Teenager from London council estate wins £76,000 scholarship to study at Eton
22nd January 2019
A teenager from east London who shares a two-bedroom council flat with his parents and two brothers has won a £76,000 scholarship to study at Eton.
Hasan Patel currently lives in Leyton, east London will start at the prestigious school in September. He is a pupil at George Mitchell School but is planning to study A-levels in history, geography, politics and drama when he gets to Eton.
He won his place at the school after a gruelling three-day assessment that included three entrance exams, seven interviews and a group interview.
Last year Hasan became the youngest ever speaker at a political party conference when he made a speech at to Labour members in September.
His headteacher, Saeed Hussain, described Hasan as a “truly exceptional young man”. “Aside from being incredibly bright he is one of the most engaged and motivated students I have known in my years of teaching,” he said. “He is the type of person who will seize this opportunity. His is a name I expect we will be hearing more of in the future.”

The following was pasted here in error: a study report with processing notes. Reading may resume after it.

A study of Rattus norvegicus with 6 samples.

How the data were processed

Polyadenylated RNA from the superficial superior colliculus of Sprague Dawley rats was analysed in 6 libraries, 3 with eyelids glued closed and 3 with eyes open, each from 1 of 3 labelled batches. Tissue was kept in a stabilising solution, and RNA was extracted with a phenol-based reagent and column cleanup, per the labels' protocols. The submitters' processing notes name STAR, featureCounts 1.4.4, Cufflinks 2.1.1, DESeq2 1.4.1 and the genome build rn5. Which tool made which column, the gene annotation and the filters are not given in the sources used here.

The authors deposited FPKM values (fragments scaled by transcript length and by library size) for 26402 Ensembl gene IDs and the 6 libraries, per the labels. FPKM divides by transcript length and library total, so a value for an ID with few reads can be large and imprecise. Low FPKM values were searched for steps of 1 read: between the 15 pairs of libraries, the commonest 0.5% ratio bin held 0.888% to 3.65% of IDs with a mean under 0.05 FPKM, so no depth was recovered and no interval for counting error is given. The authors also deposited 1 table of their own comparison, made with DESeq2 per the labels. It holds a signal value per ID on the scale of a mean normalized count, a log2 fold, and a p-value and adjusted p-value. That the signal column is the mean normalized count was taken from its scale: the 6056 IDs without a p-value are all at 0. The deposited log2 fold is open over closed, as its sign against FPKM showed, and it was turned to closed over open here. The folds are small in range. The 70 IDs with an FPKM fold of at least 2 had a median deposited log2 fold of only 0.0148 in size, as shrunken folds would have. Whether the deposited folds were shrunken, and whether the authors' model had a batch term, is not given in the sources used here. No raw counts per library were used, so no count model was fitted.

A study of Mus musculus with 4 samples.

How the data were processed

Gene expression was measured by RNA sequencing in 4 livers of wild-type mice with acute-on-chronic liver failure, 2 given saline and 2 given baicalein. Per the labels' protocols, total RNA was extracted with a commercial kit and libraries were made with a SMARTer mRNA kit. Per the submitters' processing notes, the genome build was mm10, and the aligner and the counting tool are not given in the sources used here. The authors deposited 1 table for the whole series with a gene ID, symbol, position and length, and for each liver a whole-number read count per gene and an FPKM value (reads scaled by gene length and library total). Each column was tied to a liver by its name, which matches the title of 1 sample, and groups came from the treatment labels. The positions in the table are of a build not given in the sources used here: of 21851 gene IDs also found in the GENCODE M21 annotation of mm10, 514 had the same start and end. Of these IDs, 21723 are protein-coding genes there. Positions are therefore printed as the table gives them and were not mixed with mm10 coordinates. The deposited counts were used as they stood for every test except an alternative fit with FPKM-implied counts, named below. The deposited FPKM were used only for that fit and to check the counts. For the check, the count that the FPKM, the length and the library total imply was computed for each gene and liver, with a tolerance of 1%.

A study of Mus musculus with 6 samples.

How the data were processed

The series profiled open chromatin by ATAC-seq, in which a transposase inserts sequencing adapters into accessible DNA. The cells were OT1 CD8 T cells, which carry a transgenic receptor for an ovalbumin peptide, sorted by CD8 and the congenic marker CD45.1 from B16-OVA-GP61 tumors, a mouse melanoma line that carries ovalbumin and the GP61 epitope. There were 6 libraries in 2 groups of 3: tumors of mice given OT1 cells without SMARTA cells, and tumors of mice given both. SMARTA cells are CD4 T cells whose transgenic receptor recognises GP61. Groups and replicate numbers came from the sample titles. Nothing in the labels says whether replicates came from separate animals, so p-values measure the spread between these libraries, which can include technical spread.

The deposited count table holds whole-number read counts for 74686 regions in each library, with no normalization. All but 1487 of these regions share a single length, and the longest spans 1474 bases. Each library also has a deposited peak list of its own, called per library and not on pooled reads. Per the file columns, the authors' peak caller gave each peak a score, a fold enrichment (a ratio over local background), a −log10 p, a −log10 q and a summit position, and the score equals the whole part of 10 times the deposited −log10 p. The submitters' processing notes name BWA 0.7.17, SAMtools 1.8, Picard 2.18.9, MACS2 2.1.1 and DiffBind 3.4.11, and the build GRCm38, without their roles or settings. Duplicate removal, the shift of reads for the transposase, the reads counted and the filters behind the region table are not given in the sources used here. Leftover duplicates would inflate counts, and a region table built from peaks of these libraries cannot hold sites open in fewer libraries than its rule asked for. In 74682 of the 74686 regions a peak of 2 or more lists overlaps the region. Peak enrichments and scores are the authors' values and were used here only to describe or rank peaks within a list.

Read more at: https://inews.co.uk/news/education/hasan-patel-eton-scholarship-labour-party-speech/
The highest graduate starting salary has hit £60,000 for the first time, an annual survey has found.
Investment banks offer the most lucrative jobs for university leavers with average first year salaries of £47,000, according to a report published by High Flyers Research.
Last year graduates were being lured into investment banks with salaries upwards of £50,000 but year is the first time they are being offered up to £60,000.
The report, called The Graduate Market in 2019, found that graduates who take a job at Aldi can expect a starting salary similar to those who head to the world's top law firms.
The £44,000 pay packet of the budget supermarket's graduate scheme, which also includes a company Audi, is on par with similar programmes at the law firms Baker McKenzie and Allen & Overy, which both offer £45,000.
The report discovered a 9.1 per cent year-on-year increase in graduate vacancies for 2019 but predicted the average starting salary to remain unchanged since 2015, at £30,000.